Corps curriculum

Peace Corps internship by Wright State’s Katie Rossman may provide career path

An urban affairs major, Wright State senior Katie Rossman plans to pursue a career working for the government or in nonprofit management. (Photo by Erin Pence)

An urban affairs major, Wright State senior Katie Rossman plans to pursue a career working for the government or in nonprofit management. (Photo by Erin Pence)

It was a dry run for what she hopes will be a career. Wright State University senior Katie Rossman spent her summer interning for the Peace Corps in Washington, D.C.

From May 31 through Aug. 4, Rossman worked for the Counseling and Outreach Unit in the Peace Corps’ Office of Health Services. Working with five psychologists, Rossman was a point of contact for overseas emergencies involving volunteers or U.S. emergencies involving the families of overseas volunteers, such as a death in the family.

The Peace Corps traces its roots to 1960, when, as a member of the U.S. Senate, John F. Kennedy challenged college students to serve their country in the cause of peace by living and working in developing countries.

More than 220,000 Americans have served in the Peace Corps in 140 countries, the vast majority in Africa. Women constitute more than 60 percent of Peace Corps volunteers.

During her internship, Rossman also created a survey for the Peace Corps’ Peer-Support Network that was distributed to medical officers in 61 countries.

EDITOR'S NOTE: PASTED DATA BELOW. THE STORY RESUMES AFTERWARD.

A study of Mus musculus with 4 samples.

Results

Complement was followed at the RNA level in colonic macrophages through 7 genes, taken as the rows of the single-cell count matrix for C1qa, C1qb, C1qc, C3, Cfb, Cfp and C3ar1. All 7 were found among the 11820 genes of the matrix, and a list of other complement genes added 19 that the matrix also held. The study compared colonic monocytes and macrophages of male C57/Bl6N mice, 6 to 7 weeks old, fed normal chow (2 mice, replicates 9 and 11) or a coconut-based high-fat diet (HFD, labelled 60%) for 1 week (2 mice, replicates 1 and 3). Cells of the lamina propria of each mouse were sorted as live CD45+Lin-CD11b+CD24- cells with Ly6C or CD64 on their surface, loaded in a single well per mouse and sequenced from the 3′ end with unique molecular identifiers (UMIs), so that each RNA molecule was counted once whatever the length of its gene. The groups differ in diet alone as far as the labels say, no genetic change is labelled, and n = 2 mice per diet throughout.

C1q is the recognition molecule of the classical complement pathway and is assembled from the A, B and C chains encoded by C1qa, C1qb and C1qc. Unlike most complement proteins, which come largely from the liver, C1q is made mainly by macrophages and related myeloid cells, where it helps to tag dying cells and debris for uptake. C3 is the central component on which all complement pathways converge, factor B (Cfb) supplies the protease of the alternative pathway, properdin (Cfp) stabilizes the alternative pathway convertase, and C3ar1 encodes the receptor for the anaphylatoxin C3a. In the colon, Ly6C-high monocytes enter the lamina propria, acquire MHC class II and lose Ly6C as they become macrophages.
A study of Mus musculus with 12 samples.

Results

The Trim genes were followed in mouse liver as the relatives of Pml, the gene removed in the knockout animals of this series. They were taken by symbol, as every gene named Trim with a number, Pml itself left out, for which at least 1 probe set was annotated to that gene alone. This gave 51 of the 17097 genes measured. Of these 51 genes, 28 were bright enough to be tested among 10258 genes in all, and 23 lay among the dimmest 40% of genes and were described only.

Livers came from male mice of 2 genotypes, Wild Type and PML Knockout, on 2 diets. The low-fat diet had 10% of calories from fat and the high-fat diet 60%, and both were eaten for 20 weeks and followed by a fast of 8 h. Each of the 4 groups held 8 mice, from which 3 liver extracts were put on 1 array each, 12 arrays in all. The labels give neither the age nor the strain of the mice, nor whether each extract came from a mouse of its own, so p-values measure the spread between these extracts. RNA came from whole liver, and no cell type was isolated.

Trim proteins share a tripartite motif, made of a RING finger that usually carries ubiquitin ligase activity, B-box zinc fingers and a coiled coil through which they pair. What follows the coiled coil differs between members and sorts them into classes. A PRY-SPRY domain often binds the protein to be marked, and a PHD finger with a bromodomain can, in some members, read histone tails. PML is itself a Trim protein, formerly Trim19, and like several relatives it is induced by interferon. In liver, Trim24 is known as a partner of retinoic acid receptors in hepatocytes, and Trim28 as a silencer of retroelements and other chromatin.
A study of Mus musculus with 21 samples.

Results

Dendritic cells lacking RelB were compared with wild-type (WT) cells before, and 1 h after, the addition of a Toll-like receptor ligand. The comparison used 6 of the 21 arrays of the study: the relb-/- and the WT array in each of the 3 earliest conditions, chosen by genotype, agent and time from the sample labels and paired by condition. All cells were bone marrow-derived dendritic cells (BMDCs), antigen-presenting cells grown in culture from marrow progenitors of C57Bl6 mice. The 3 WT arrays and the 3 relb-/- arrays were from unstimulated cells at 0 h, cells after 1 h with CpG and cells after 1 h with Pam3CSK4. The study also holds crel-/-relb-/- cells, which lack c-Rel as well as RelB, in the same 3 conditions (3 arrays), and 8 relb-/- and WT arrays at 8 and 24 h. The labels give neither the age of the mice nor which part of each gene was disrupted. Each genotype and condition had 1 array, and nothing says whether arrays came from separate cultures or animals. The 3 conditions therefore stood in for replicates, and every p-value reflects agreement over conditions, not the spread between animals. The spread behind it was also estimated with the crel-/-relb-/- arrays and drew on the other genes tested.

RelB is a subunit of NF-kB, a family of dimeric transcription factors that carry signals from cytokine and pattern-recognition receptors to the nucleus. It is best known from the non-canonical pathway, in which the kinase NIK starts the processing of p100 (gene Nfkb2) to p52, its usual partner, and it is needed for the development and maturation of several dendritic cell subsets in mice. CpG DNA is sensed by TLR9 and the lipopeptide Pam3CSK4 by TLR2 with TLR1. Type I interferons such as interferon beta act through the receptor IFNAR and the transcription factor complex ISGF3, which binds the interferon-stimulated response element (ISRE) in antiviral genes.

“After my internship, I could see myself going into the Peace Corps and then working for the Peace Corps,” said Rossman. “Being there resolidified that I want to go. I’ve volunteered my whole life, and I love going international.”

Rossman grew up in Sidney, where her mother, Lisa, is an orthodontist. About 10 years ago, her mother formed a nonprofit called Smiles of Hope and began sponsoring and taking a dental mission team to an orphanage in the African nation of Tanzania.

That led to several trips to the orphanage by Rossman and included one by herself alone as part of a mission trip to Zanzibar through the Seattle-based Growth International Volunteer Excursions.

The orphanage, located in a tiny village near the Kenyan border, is currently home to about 50 orphans.

“I mean these kids were left on the side of the road,” said Rossman, unsuccessfully fighting back tears. “Ten years ago they had nothing. Through my mom, they’ve gotten a lot more. They’ve started farming so now they’re growing their own crops. And there is now a school attached to the orphanage so you have the opportunity to go and teach.”

Rossman enrolled at Wright State after graduating from Lehman Catholic High School in 2013. She initially majored in psychology, switched to business management and then discovered urban affairs with a concentration in nonprofit management.

“I knew I wanted to do something in the nonprofit sector,” she said.

Her degree would enable her to work for the government or in nonprofit management or switch back and forth.

At Wright State, Rossman got involved in the Nonprofit Leadership Alliance, a student organization that offers professional development, contacts in the nonprofit community, opportunities to serve and learn, local workshops, internships, a national meeting and nationally recognized certification. She is currently the group’s president.

Rossman got her internship with the Peace Corps through The Washington Center for Internships and Academic Seminars. It is an independent, nonprofit organization serving hundreds of colleges and universities by providing selected students challenging opportunities to work and learn in Washington, D.C., for academic credit. The largest program of its kind, the center has 70 full-time staff and more than 50,000 alumni, many of whom are in leadership positions in the public, private and nonprofit sectors.